27,
2021

Behind the scenes of the LalBrew Farmhouse™ launch

Sep 27, 2021

Stéphanie Altermatt - Brewer at ArtMalté (Annecy), while she brewed "Girl Power" made with LalBrew Farmhouse™

Two months after its launch, it is time to share how you can get the best out of LalBrew Farmhouse™. But first, let us answer the question we get most often when we launch a new yeast strain. “How do you test your new strains before you release them?” As we launch new products often, we have a process to have laboratory results and field trials, in our case, brewery trials. Because we think that brewers can go beyond our lab protocols thanks to their experience and creativity, letting brewers try out a new strain can help us better understand how a specific strain will behave in a fermenter. Data collected from our field trials enable us to share specific parameters you can modulate to create the beers you like.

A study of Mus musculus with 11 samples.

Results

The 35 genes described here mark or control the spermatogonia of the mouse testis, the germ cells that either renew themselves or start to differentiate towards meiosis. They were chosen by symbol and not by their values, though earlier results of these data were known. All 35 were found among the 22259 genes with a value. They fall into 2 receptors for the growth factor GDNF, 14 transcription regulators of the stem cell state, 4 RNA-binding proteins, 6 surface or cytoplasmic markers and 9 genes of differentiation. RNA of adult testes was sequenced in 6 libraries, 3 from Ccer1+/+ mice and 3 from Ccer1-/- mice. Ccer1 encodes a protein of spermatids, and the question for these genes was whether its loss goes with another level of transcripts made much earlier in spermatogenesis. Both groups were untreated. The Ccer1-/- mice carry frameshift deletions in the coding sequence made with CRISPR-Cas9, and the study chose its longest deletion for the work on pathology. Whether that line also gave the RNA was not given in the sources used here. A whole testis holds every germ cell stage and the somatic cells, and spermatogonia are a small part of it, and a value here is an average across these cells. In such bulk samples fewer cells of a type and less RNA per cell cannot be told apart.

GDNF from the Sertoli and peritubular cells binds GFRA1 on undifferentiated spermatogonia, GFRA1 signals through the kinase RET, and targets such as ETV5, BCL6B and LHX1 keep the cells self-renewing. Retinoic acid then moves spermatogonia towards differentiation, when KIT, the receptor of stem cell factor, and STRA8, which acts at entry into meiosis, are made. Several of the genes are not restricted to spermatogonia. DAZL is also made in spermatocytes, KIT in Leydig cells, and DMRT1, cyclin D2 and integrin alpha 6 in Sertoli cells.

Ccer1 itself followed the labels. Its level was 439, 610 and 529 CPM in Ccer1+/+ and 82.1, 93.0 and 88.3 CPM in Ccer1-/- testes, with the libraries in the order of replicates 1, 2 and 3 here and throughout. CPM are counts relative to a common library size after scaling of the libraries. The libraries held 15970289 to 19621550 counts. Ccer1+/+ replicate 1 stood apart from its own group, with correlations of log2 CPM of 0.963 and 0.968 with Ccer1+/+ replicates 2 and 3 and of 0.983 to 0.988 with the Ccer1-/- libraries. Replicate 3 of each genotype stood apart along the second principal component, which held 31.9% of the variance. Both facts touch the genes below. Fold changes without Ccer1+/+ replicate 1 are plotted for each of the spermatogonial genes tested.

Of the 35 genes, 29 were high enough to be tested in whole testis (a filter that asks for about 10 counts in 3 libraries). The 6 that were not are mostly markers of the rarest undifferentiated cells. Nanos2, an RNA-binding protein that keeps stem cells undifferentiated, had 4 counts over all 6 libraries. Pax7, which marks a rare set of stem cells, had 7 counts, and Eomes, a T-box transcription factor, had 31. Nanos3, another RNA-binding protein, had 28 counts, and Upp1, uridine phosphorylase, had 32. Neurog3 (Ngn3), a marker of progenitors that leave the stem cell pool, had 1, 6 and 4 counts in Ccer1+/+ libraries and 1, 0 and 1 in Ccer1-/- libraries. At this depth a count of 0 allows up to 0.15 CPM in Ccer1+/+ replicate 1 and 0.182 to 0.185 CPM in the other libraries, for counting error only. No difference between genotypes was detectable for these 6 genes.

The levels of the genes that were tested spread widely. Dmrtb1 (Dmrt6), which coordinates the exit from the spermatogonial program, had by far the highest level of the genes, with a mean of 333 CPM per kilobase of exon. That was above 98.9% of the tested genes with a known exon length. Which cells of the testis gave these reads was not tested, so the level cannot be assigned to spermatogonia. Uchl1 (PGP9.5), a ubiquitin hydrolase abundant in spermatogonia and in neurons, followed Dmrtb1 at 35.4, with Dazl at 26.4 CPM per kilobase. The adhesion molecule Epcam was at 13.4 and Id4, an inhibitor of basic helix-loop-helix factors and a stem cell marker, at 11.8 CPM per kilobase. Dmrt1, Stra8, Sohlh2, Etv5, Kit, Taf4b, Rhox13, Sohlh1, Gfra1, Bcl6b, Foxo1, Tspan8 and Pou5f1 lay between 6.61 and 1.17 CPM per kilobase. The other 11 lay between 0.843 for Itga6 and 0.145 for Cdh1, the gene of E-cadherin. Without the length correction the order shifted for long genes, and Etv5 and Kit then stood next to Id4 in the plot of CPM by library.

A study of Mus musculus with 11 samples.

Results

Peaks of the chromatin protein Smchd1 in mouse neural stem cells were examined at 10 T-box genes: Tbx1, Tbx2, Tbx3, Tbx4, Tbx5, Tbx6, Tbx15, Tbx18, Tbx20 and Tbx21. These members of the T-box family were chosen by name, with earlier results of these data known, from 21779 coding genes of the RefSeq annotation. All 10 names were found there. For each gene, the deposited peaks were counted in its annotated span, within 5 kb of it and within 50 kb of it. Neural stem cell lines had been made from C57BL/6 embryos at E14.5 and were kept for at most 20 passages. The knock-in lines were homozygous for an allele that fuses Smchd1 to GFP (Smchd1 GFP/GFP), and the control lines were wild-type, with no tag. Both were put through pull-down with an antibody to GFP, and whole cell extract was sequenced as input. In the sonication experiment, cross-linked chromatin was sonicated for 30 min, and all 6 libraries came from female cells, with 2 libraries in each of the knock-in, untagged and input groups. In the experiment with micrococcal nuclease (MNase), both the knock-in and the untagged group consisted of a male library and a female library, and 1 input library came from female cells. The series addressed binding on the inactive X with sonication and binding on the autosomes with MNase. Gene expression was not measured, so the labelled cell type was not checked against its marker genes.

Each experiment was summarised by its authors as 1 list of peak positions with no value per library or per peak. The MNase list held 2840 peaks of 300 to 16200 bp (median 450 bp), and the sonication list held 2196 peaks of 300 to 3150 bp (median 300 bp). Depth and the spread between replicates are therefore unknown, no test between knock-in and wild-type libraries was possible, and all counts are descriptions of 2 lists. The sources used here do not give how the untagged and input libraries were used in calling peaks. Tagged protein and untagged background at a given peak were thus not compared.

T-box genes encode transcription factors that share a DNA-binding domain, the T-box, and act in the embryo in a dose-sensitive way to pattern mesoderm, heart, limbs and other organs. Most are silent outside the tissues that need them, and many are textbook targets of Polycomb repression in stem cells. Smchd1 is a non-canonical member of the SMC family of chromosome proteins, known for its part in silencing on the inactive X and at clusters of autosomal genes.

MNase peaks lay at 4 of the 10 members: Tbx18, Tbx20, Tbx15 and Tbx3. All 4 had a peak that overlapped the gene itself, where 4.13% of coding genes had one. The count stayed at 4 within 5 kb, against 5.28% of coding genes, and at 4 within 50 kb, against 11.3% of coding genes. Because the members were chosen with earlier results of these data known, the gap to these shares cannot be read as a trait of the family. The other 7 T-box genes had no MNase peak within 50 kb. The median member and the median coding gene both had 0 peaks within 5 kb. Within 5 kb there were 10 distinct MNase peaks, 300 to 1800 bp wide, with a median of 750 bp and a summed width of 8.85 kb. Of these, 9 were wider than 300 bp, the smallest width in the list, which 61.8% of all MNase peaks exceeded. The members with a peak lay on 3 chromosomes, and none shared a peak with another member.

From that moment we dried the very first bricks of LalBrew Farmhouse™, up until today, over 20 different breweries from different countries shared comprehensive results from their brews with this new hybrid yeast. Each set of results contains the recipe, physical and chemical characteristics (pH and gravity curves, temperature, etc.), but also tasting notes from the brewers themselves. From these results, the main variable making an impact on the beers you brew with LalBrew Farmhouse™ is fermentation temperature. In most cases, lower fermentation temperatures (close to 20°C) will primarily give notes of banana and clove, something that is much closer to Belgian blonde and Belgian wit style ales. When fermented closer to 30°C, we observe that traditional Saison characteristics are much more predominant. Brewers reported their beers as having more peppery notes, fruitiness, red apple, and bubblegum. Also, their beers tasted “fresher,” and we can link this statement to a lower pH in the beers fermented this way. The idea of freshness in a Saison can be linked to the attenuation of the beer too. To achieve this “zing”, some brewers reported successfully adding simple sugars or using enzymes in the mash to achieve similar attenuations to beers fermented with a Diastaticus yeast.